Peabody Historical Society is giving recognition to a piece of equipment that is a piece of Peabody’s history. The society will host a Popcorn Festival from 2 to 4 p.m. Oct. 16 to celebrate the return of the Sunflower Theater’s popcorn machine.
Several years ago, a group of people attending an auction at Raymond “Rainbow” Bain’s property learned the old oak, metal, and glass commercial popper up for bid had once belonged to the Sunflower Theater in downtown Peabody.
Becky Ediger, Gilbert Lowen, Susan Marshall, and Gary Jones quickly decided the item should remain in town and pooled their funds to purchase it.
Gary Jones’ son, Mike Jones of Seneca, was drafted to refinish the old grease-coated machine that had spent years in a shed after a life as a central part of many matinees and features in Peabody’s theater.
It took him more than a year to get it cleaned and back in shape. Finding working parts to finish the restoration led him to two popcorn machine museums in Marion, Ohio. The curator of one was able to help with replacement parts in the final steps of restoration.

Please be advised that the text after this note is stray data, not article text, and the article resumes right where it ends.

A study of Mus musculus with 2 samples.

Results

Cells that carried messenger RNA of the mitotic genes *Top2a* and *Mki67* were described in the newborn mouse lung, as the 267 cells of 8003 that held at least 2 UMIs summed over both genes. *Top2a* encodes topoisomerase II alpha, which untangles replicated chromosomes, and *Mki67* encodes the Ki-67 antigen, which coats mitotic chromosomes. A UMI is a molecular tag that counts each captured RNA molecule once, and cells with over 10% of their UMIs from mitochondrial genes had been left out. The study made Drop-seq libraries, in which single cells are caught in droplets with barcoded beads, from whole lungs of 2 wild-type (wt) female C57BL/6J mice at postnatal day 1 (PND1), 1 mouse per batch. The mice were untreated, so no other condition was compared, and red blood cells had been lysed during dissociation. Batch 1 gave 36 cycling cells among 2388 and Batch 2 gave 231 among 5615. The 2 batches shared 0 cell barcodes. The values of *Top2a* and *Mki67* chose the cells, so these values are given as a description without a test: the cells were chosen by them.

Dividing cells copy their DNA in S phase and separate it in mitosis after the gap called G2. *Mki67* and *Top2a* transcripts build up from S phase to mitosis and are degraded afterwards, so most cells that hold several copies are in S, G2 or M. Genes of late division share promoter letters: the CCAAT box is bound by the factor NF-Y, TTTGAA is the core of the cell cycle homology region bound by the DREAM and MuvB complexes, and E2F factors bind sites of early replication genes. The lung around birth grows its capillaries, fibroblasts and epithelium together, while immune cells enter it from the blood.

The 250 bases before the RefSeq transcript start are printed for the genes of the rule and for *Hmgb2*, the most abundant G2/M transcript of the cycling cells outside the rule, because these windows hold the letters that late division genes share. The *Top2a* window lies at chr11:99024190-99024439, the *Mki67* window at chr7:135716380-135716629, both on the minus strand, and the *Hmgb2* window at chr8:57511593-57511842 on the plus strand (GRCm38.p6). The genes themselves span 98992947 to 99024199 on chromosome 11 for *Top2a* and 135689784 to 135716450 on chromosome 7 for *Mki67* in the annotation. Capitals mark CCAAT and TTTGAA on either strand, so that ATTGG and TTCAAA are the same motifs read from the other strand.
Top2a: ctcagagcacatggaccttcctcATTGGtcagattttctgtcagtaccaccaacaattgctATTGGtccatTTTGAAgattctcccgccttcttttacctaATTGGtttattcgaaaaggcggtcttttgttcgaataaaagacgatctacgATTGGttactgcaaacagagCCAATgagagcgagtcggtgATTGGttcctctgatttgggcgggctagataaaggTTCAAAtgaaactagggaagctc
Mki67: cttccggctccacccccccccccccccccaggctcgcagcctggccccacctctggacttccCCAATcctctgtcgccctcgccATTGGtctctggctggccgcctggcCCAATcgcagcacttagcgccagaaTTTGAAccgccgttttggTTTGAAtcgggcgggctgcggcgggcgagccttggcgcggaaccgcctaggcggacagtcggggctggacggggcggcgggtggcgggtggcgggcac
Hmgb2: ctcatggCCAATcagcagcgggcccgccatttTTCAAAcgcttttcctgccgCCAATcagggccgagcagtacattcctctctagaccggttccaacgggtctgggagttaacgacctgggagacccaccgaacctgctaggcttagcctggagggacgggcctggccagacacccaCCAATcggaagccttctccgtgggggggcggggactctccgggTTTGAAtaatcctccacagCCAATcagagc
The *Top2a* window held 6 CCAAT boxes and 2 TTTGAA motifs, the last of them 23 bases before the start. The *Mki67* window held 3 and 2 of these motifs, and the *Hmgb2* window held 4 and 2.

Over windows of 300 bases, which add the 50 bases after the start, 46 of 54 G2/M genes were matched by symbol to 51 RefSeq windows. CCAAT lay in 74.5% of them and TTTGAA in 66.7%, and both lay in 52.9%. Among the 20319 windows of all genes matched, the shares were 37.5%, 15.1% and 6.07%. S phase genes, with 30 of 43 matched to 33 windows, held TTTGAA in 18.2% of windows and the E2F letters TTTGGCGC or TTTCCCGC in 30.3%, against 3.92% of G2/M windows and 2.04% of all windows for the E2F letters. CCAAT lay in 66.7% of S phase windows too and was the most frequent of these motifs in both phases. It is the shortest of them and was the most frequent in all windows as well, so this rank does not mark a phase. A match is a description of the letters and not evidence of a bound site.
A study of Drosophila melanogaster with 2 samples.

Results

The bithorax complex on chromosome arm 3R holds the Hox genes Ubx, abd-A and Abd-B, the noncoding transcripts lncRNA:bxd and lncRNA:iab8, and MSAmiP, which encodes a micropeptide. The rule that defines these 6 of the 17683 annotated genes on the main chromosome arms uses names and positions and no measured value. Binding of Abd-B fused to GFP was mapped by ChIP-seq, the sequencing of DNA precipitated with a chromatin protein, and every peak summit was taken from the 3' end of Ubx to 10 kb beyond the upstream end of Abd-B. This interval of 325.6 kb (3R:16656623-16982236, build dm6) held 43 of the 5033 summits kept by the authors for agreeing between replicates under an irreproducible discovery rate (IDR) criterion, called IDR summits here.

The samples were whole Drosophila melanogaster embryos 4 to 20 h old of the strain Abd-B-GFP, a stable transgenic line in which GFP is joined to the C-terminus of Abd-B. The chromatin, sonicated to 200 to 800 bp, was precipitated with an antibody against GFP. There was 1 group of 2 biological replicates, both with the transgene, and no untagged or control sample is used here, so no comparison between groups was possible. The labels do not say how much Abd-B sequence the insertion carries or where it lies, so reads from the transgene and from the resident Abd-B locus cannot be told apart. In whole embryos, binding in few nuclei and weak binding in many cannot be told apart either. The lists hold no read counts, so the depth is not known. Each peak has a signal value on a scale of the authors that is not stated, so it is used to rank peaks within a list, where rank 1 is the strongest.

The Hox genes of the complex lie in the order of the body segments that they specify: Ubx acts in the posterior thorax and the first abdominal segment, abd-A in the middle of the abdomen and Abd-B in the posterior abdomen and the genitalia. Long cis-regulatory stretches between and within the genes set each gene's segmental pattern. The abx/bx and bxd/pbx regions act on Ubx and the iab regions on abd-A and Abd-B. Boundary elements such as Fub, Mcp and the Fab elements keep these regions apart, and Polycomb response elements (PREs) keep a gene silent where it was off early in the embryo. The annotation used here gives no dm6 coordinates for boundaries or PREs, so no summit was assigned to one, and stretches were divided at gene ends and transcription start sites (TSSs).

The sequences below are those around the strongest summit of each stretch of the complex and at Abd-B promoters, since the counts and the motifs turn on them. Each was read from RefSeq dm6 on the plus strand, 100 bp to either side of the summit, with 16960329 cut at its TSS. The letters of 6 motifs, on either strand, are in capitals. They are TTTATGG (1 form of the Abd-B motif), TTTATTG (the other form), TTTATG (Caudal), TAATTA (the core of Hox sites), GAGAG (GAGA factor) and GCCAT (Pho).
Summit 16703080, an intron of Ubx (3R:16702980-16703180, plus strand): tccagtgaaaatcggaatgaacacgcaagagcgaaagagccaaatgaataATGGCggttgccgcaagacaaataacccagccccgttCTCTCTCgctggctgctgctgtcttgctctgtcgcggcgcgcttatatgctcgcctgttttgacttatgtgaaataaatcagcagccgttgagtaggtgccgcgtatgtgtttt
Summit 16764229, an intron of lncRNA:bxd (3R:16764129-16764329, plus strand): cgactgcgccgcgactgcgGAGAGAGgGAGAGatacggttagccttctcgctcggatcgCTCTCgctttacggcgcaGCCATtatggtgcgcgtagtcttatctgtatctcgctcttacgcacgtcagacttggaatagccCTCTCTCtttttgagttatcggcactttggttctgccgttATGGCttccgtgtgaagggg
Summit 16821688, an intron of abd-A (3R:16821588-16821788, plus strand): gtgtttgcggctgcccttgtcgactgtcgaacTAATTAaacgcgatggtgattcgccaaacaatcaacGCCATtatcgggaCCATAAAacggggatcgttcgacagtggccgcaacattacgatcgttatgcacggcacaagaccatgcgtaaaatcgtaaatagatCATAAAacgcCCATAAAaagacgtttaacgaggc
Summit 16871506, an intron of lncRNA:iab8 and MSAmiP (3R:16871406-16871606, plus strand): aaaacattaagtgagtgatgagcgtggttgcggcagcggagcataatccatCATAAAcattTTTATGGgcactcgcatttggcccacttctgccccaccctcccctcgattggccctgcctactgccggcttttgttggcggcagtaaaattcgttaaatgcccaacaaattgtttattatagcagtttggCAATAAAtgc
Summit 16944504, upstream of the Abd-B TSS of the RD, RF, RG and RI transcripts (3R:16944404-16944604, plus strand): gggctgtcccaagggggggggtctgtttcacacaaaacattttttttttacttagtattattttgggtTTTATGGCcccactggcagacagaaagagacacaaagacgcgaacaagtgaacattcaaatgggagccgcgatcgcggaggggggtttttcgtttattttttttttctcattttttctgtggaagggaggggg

The machine has been returned to Peabody and, according to that curator, is a functional piece of equipment. The Peabody Museum will be the site for the great unveiling of the restored old popper.
Several local residents recall popping corn in the machine at the theater, but so far no one has officially verified that it once had wheels and was pushed down Walnut Street to sell popcorn to folks parked along the business district on a Saturday night.
The historical society hopes that additional research verifies that story. Perhaps former popcorn machine operator Gerald Higgins, now of Marion, can share some stories at the Popcorn Festival, on Oct. 16.
The event is free and the historical society hopes the public will turn out to view the machine, reminisce about movies back in the day, and have some freshly popped corn.